Getting started - Blender guide
Blenders are one appliance that consumers are more likely to leave on the countertop—so upscale looks, increased power, and sturdier construction are driving blender sales. Many colors and finishes, including stainless steel, are now available, but appearance isn't everything. Our top-rated blenders cost less than $100 and excelled at chopping, puréeing, mixing and crushing ice (piña coladas anyone?).
Other options include handheld blenders (good mostly for stirring powdered drinks or puréeing vegetables in a saucepan) and all-in-one machines (which claim to replace food processors and, in some cases, add cooking capabilities). But you might sacrifice performance or have to pay more if you follow either route.
Consider the types of food and drink you prepare, and use our Ratings to find the blenders that perform best in those areas. For example, if you're going to be mostly mixing drinks, look for a machine with enough oomph to crush ice.
Spending more for any of these appliances will typically get you touchpad controls, extra speeds and power, and designer styling or colors to match your kitchen's décor. Inexpensive units usually have glass or plastic pitchers. You'll pay more for a blender with a stainless steel or other metallic jar than you will for one with a plastic or glass container.
Big, visible measurement marks and easily decipherable controls add to ease of use. Our noise Ratings can spare you the trouble of listening to a grating, high-pitched whine—one model was so loud as to require hearing protection.
Types of blenders
You needn't spend a bundle to get a decent blender. Many of the models we tested, even the less-expensive ones, were competent at various tasks. Different types of blenders have different strengths, so choose one that suits your needs. The bottom line: Price, styling, or the word "professional" is no guarantee of excellent performance or durability.
In addition to mixing, puréeing and chopping, crushing ice for drinks is one of the key attributes that shoppers look for in a countertop blender, manufacturers say.
Containers are made of glass, plastic, or stainless steel, and have a capacity of about 5 to 8 cups. A glass container is heavier and more stable. In tests, the blenders with glass jugs tended to perform better because they didn't shake. Glass is also easier to keep clean. Plastic might scratch and is likely to absorb the smell of whatever is inside. Stainless steel might be attractive, but it prevents you from seeing how the blending is going.
Three to 16 speeds are the norm, but more is not necessarily better. Controls vary from programmable touchpads to push buttons, dials and flip switches.
Hamilton Beach and Oster account for more than 40 percent of countertop-blender sales. Other brands include Black & Decker, Braun, Cuisinart, GE, KitchenAid, Krups, Proctor-Silex, Sharp, Sunbeam, Vita-Mix, and Waring, a product pioneer.
Handheld, or immersion, blenders are long, thin appliances that you hold in your hand and submerge in the food or drink you’re preparing. The shaft has a long neck with blades at the end, so you can mix and chop food in the cooking container—say, purée soup vegetables right in the pot they simmer in.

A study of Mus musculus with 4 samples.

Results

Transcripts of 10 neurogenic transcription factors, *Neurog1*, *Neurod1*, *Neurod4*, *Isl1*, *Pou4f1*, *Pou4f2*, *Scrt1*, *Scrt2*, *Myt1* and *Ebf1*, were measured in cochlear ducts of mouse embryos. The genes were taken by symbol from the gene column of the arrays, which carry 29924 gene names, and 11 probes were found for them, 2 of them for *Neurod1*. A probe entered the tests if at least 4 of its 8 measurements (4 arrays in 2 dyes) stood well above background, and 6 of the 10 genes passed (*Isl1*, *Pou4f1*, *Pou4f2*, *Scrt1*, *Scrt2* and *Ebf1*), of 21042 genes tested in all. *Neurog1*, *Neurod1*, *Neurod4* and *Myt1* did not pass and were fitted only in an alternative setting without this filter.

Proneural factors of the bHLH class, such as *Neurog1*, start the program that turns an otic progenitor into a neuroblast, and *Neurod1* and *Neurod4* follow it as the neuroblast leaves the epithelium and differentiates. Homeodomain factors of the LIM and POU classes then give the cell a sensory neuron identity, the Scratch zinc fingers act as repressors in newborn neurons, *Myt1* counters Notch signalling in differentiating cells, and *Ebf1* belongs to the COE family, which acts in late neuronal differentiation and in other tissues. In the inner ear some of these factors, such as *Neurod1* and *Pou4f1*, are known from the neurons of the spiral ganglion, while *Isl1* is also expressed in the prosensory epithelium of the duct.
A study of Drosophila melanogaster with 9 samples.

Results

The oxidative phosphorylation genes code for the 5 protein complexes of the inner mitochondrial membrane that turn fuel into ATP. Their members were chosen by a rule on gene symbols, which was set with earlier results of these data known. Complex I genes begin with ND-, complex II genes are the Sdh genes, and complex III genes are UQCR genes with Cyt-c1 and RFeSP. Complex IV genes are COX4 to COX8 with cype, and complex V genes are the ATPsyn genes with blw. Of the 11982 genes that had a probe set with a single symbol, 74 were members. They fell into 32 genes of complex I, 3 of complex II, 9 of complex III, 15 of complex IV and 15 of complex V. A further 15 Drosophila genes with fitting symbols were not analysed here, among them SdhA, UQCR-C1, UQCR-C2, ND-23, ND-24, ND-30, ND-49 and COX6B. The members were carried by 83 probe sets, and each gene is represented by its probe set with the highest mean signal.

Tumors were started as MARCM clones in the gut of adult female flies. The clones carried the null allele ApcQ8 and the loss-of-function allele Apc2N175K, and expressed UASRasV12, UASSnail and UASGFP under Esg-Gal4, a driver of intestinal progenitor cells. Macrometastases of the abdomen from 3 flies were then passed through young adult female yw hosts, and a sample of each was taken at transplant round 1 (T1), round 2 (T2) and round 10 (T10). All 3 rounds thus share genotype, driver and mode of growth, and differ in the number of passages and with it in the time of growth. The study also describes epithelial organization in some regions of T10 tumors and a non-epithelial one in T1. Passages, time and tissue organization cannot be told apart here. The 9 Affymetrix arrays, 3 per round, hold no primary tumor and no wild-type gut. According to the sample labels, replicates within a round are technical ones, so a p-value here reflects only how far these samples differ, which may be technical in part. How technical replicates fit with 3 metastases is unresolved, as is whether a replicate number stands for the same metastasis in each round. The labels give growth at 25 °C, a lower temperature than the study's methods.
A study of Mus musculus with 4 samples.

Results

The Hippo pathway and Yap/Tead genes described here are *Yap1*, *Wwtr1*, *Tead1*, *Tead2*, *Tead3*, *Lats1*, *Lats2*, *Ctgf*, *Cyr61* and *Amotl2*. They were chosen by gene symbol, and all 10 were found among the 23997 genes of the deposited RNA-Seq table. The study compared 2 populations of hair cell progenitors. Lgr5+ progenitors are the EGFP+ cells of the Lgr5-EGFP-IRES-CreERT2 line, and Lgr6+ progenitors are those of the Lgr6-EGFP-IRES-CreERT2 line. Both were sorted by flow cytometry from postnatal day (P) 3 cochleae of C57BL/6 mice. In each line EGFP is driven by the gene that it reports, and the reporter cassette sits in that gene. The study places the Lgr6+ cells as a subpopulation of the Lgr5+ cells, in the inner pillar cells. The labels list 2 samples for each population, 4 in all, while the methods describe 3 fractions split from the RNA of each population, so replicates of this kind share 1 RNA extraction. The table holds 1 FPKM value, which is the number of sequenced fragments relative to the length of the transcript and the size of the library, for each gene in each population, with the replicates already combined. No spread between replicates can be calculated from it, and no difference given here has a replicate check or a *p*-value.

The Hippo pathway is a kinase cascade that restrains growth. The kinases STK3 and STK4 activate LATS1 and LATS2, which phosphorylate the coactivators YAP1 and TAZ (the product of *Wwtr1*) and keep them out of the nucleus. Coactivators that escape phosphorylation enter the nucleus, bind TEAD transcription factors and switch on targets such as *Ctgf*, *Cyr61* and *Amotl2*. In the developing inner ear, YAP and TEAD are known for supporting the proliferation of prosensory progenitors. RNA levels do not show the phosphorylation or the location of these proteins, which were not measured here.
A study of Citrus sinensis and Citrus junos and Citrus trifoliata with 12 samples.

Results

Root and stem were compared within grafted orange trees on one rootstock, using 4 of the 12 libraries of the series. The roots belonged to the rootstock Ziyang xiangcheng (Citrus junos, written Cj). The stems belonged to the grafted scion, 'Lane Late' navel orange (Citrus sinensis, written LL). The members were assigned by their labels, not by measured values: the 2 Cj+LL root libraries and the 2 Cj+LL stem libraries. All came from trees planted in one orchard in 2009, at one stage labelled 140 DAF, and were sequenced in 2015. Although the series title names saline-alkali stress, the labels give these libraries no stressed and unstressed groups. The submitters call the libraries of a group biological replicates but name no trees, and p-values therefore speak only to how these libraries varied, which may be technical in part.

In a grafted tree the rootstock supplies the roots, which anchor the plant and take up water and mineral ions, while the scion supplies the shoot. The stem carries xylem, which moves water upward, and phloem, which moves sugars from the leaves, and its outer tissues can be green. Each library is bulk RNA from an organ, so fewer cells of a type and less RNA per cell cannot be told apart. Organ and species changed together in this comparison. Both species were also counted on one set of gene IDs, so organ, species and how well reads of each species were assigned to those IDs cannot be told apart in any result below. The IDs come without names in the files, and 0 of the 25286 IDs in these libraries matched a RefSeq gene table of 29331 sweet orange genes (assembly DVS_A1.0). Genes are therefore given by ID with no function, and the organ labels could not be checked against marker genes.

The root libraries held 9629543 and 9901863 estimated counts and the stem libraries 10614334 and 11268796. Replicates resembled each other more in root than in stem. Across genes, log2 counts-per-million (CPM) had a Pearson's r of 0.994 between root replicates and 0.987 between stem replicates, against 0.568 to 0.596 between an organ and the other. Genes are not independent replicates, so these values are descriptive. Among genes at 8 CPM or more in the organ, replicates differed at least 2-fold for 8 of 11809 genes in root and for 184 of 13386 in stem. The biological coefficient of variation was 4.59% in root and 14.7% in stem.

Immersion blenders are also handy for mixing smoothies, milkshakes, and powdered drinks (although you do have to hold down a switch to keep the blades running, which can be tedious.)
While handheld blenders are great for a few tasks, they don’t replace a countertop blender or handheld mixer. But they're handy and many come with an assortment of blades and attachments, including a measuring beaker.
With blenders, power, performance, and price don't always go hand-in-hand. In our tests, some modestly powered, inexpensive blenders turned out smooth-as-silk mixtures, while some bigger and fancier blenders left food pulpy or lumpy. Here are the blender features to consider.
Blenders generally range from 300 to 500 watts. Manufacturers claim that higher wattage translates into better performance, but in our tests, lower-wattage models often outperformed more powerful ones by, for example, making icy drinks faster and smoother. Power seems to make more of a difference with immersion blenders than with countertop models. An immersion blender in the 100-watt range didn't even have the energy to mince onions in our tests.
Touchpad controls are easiest to clean, and some touchpad units have programmable controls to eliminate guesswork. But you have to press the button twice: once for on, once for off. Push-buttons easily change from one speed to another with a single touch but are difficult to clean. A dial control is easier to clean than push-buttons, but you must dial through all the settings to reach your desired speed. A flip switch is simple but limits your options to one or two speeds and possibly a pulse setting.
Number of speeds
Three to 16 speeds are the norm, but more is not better. Three well-differentiated speeds are adequate; a dozen or more that are hard to distinguish from one another is overkill.
This makes loading food and washing easier.
Look for easy-to-read notches and numbers on the container to help you to measure more accurately.
This helps you to fine-tune blending time. There's no lag time between when you push the button and when the blender starts or stops.
It might seem that an attached blade makes a container sturdier, but in fact, it makes it harder to clean.